Archive - July 27, 2015


Medical Malmeasurement

Credit Thomas Barwick/Getty Images

Credit Thomas Barwick/Getty Images

Malmeasurement is my word for when organizations use the wrong measures. I’ve written about it before, for instance, here.

The crux of the idea is that by using the wrong measures, organizations automatically get off track because the results are meaningless.

Last week I was talking to a doctor, an internist. She said that her practice, like most around the country, have stopped doing rounds at hospitals. They are kept abreast of their patience progress by hospitals, but have separate realms.

I was horrified by this. Your internist is your regular doctor, the one who actually knows you as a healthy person, and may have years of experience treating you. And they are not primarily involved in your care when you are hospitalized.

“Does it work?” I asked her.

“It works great,” she said, “We all have access to the same information and the specialists do what they do best.”

And then she continued.

“Of course, the patients hate it.”

Ah, now we’ve moved from malmeasurement to matterness (and, yes, I do like making up words!)

The reason for the change in who cares for patients in hospitals is explained in a blog post by a doctor. He writes, “…primary care physicals can maintain a busy outpatient practice without the burden of having to round on patients while they are admitted.”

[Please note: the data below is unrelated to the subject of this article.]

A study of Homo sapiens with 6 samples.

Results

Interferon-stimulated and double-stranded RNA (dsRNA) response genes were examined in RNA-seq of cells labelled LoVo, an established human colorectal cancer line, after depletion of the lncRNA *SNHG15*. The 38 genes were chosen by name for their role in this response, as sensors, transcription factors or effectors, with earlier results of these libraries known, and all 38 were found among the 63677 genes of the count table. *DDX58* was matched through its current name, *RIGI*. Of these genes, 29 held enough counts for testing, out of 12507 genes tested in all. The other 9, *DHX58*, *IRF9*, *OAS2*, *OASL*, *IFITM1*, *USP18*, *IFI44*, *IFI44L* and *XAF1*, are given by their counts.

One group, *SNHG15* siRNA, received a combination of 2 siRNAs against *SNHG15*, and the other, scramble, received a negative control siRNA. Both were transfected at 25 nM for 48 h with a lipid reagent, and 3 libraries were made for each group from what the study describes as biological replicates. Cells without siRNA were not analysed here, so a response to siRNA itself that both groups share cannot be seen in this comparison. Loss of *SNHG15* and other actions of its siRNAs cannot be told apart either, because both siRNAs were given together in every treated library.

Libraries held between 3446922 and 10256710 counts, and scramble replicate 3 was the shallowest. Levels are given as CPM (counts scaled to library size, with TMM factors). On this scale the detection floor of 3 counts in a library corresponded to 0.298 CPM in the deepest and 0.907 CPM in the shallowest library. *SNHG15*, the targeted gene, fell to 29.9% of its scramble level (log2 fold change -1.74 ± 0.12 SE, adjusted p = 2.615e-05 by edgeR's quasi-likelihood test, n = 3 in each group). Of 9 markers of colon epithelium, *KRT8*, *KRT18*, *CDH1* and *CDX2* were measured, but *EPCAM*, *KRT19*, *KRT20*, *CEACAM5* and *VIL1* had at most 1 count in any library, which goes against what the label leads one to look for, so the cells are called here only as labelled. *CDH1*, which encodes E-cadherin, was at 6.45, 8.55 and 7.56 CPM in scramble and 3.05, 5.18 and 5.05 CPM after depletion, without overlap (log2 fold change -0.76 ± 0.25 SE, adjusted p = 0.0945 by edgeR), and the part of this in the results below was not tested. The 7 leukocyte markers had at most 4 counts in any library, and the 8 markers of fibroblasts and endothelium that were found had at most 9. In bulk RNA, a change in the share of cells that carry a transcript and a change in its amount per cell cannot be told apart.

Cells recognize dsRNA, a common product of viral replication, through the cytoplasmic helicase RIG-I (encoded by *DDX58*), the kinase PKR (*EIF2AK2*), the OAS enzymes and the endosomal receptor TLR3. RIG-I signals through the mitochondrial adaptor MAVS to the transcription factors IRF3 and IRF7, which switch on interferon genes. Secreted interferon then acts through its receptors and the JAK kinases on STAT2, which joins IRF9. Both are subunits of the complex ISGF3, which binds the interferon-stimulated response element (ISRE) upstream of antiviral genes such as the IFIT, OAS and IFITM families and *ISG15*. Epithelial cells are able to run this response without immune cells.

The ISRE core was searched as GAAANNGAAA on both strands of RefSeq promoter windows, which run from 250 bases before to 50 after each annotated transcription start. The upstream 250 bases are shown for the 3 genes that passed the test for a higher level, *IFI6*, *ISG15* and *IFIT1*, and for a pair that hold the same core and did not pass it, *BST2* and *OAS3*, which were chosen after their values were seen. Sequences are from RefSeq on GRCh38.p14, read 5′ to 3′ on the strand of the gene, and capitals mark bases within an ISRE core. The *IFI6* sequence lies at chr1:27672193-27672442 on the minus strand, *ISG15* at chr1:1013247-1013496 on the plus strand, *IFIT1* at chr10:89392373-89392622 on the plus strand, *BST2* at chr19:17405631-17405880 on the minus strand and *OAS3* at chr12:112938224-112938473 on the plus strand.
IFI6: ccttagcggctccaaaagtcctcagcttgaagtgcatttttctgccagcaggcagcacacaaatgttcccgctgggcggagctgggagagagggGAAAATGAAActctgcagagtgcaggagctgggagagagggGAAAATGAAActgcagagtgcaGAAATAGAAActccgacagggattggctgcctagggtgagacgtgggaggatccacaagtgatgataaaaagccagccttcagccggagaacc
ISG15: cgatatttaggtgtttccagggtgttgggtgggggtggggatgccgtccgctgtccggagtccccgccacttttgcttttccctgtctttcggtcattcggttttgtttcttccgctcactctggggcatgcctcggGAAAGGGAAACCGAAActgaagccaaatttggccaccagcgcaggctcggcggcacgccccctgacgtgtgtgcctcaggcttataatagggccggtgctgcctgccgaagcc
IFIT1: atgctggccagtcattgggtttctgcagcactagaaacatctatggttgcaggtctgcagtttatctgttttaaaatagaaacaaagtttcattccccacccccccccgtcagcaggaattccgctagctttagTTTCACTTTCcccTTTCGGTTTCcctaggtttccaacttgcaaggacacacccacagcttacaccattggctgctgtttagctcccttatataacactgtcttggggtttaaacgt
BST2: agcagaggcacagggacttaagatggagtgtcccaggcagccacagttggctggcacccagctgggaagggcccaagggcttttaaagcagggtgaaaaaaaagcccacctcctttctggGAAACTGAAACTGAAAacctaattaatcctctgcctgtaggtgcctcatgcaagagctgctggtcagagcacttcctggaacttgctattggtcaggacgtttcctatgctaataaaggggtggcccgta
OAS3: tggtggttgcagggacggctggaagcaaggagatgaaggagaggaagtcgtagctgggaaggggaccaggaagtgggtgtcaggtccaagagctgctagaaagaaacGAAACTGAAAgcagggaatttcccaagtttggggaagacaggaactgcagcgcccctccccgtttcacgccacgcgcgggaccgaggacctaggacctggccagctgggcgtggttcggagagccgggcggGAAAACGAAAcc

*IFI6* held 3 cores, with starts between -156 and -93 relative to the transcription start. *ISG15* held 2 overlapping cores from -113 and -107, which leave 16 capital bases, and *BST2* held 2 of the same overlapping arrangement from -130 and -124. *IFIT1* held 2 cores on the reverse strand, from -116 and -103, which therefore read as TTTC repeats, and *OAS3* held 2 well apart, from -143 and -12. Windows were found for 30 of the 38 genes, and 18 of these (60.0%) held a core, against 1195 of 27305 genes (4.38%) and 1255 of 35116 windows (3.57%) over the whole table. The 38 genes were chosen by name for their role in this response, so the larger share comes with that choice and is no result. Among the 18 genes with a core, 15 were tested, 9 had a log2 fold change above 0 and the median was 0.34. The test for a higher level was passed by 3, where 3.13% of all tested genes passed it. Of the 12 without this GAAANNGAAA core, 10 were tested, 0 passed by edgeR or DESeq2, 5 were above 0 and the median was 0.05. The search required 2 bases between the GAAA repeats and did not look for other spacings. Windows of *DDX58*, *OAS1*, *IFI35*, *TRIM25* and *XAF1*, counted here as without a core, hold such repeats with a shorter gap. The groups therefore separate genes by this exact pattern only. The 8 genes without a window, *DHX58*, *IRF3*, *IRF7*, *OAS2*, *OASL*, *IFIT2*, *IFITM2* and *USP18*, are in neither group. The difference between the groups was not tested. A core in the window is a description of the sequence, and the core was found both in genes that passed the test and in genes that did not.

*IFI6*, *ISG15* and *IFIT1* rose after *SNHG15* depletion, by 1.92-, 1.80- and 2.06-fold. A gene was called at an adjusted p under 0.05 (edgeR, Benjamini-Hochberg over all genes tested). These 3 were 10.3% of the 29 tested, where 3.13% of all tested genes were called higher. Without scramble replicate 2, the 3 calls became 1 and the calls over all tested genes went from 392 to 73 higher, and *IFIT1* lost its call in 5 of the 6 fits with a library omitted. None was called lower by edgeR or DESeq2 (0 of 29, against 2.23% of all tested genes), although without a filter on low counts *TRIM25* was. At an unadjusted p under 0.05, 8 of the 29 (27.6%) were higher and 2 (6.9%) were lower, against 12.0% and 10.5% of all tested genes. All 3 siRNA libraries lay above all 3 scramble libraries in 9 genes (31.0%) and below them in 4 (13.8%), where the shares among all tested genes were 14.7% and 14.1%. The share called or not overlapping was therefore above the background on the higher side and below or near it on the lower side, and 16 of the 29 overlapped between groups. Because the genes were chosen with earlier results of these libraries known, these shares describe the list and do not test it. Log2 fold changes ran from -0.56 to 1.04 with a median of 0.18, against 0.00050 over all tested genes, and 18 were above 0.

We patients are seen as a “burden.” Hmm, funny way to create a health care system. In a revolving door health care industry, I imagine that there are people who ambivalent about seeing an internist with whom they may not feel any connection.

But for other people, like me, who take a great deal of care in choosing their physicians, and want desperately to think that they have built a relationship with someone who has seen them in a paper gown year after year, the idea that any doctor will do just won’t do.

We patients matter. translations Doctors and hospitals that want to pretend that streamlining and efficiency are the best measures to use for health care are simply wrong. The first and primary measure that should be used is: do patients feel cared for in our system?